Today’s guest blogger is Timothy P. Manatt. Timothy is a recent graduate of Harvard Divinity School, where he studied comparative philosophy of religion. He currently lives in Chicago with his better half and is working on numerous writing projects.
Two years ago Senator Barack Obama gave a speech on faith and politics in which he stressed the reality and importance of religious pluralism in a democracy and argued that “religiously motivated” citizens must “translate their concerns into universal, rather than religion-specific, values.” Religious people, Obama claimed, cannot merely point to church teachings or evoke God’s will when proposing legislation on contentious issues such as abortion. Instead, they need to appeal to principles that are “accessible to people of all faiths, including those with no faith at all.”
Recently, however, the founder of Focus on the Family, James Dobson, railed against the senator’s speech, accusing him of saying that “it is anti-democratic to believe or fight for moral principles in the Bible that are not supported by people of all faiths or presumably by people of no faith.” Dobson was quick to contrast this claim with the Constitution, which purports to value the freedom of religious expression.
As one who was intimately engaged in addressing the many xenophobic responses following 9/11 and who is now involved in an inter-religious marriage, I remember being delighted when I first heard Obama talk about pluralism in America. “It’s about time a political candidate spoke like this about religion,” I thought.
But I must admit that Dobson, though he represents a religious ideology very different from my own, has managed to highlight a very important critique of Obama’s argument. The demand for religious people to limit their public discourse to purely secular, universal principles not only seems based on an unfair assumption that religious reasons and premises are to be considered immediately illegitimate but is also unrealistic in a country as truly diverse as ours.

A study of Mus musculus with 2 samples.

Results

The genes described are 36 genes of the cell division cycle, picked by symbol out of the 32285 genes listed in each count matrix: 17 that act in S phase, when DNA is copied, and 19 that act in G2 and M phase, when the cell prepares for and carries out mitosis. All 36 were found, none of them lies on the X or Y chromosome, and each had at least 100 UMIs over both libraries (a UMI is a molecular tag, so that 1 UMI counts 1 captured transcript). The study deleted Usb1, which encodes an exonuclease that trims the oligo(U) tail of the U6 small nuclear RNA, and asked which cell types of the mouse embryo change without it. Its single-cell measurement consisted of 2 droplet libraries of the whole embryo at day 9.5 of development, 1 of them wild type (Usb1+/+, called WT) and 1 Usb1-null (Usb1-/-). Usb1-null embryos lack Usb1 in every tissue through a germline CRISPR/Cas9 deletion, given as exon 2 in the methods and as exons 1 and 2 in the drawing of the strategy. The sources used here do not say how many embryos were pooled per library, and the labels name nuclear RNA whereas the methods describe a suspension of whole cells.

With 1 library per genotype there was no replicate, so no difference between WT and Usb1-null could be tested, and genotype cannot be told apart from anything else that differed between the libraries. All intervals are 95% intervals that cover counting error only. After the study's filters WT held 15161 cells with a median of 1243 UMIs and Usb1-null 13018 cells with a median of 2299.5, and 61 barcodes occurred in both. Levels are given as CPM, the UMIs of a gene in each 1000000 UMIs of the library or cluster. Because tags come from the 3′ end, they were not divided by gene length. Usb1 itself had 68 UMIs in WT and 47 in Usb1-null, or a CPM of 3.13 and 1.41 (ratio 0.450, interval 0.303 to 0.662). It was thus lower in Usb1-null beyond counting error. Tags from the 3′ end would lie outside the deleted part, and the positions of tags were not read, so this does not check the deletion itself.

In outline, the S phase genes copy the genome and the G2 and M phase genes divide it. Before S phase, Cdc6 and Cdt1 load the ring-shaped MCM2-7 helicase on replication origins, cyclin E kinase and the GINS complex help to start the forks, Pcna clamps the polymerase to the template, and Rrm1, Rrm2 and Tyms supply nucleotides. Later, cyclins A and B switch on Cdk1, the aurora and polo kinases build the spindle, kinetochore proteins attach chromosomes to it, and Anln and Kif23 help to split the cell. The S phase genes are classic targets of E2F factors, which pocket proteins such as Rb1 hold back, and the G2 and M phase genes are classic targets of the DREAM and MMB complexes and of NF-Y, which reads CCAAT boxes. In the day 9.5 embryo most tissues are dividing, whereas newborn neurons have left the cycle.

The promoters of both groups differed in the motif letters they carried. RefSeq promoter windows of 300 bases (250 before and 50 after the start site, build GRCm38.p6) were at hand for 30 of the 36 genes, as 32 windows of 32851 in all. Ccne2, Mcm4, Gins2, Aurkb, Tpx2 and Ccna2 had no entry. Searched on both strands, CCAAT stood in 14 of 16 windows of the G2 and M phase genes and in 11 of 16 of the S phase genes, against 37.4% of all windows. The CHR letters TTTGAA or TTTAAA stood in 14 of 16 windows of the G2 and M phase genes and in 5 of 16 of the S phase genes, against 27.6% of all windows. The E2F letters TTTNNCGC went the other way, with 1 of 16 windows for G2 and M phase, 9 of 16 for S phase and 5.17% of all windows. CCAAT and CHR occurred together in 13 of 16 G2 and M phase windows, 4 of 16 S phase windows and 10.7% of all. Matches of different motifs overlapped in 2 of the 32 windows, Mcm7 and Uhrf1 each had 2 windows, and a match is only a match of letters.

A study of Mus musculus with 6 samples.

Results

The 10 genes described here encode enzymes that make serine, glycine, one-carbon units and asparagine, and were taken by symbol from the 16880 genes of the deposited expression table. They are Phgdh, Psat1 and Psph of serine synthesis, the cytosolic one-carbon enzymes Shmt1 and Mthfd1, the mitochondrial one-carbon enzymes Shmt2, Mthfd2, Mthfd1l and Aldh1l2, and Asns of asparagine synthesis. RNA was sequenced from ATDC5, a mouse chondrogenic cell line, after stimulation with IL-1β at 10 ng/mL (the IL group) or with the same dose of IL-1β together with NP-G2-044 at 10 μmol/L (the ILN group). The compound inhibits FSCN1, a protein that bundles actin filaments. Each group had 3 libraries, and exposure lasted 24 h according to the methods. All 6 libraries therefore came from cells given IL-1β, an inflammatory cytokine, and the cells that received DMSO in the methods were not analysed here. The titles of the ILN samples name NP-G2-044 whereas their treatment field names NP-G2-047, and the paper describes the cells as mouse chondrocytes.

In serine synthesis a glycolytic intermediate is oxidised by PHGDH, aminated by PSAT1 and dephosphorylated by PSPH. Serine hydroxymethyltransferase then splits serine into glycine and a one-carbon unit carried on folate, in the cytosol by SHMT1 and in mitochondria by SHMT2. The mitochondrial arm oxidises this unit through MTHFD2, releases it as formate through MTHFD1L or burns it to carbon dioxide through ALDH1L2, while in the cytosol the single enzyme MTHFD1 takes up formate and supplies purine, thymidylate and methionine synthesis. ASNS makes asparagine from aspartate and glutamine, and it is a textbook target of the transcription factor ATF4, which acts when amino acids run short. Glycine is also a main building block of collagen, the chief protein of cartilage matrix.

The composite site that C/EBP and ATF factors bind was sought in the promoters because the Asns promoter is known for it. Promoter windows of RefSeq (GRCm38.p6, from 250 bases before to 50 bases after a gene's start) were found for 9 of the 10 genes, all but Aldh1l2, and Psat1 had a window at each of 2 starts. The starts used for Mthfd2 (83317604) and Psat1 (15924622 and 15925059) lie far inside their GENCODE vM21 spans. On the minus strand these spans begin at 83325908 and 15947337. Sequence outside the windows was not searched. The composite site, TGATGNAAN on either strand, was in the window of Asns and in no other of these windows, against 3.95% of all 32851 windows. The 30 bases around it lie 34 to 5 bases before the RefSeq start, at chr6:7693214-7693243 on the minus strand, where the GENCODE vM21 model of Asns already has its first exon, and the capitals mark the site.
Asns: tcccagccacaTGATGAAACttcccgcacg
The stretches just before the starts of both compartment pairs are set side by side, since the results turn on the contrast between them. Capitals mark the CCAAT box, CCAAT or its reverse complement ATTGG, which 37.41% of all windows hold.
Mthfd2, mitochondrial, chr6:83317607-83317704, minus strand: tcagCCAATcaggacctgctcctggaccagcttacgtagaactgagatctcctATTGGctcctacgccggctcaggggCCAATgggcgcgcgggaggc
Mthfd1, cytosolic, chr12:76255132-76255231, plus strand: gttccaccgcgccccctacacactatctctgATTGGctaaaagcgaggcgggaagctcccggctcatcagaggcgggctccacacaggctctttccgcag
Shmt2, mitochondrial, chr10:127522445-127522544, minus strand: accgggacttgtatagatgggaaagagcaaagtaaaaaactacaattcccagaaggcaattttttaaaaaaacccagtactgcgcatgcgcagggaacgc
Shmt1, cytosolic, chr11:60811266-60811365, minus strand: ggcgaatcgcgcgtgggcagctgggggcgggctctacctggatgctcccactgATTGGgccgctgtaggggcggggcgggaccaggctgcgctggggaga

Religious or not, our arguments for policies are always dependent upon vocabulary, logic, and axioms unique to our particular historical-cultural contexts. So for contentious issues like abortion, it is unrealistic to assume that any universal premises for adjudication exist, and thus, it seems hypocritical to exclude idiosyncratic religious premises in favor of idiosyncratic non-religious premises as if they were universal.
So what’s the solution? How can we encourage interfaith dialogue on public policy issues without predetermined universal principles of adjudication? One possibility is to follow the “piecemeal, pragmatic approach” of American philosopher, Jeffrey Stout. Debates will be more fruitful, he claims, if we begin by keeping the scope narrow and searching for “local similarities” between particular moral traditions, rather than “global uniformities” among them all. Whenever such similarities cannot be found, however, we must proceed by offering careful and respectful “immanent criticism,” arguing not from some universal perspective but from the distinctive context of our interlocutor and showing them how their own premises should lead them to the same conclusions as ours.
By engaging in Stout’s piecemeal pragmatism, we may be able to capture the true spirit of pluralism that Obama intended by acknowledging and respecting our differences, thus making us more likely to utilize our similarities for the common good. Perhaps even Dobson himself could eventually embrace this method for addressing pluralism in America.
The content of this blog reflects the views of its author and does not necessarily reflect the views of either Eboo Patel or the Interfaith Youth Core.
(A weekly feature which highlights a group or activity bridging the faith divide.)
The Interfaith Youth Core encourages people to tell their stories, because stories are an important part of who we are. Our lives are shaped by the stories we hear and tell to others. We communicate through stories, and we view the world through stories.
Do you have a great story about an interfaith friendship? Do you have a story about what it means to be Muslim in America? Want to tell your story? Here’s your chance.
The “One Nation, Many Voices” Online Film Contest asks you to submit short videos illuminating the American Muslim experience and the values of liberty and justice, upon which America was founded.
Everyone in the U.S. is invited to compete, regardless of race or religion, so grab a camera, visit the website at www.linktv.org/onenation for the complete Rules and Regulations, and get filming! You could win some of the $50,000 in prizes, and every finalist wins a Flip Camera. The deadline is September 26, 2008.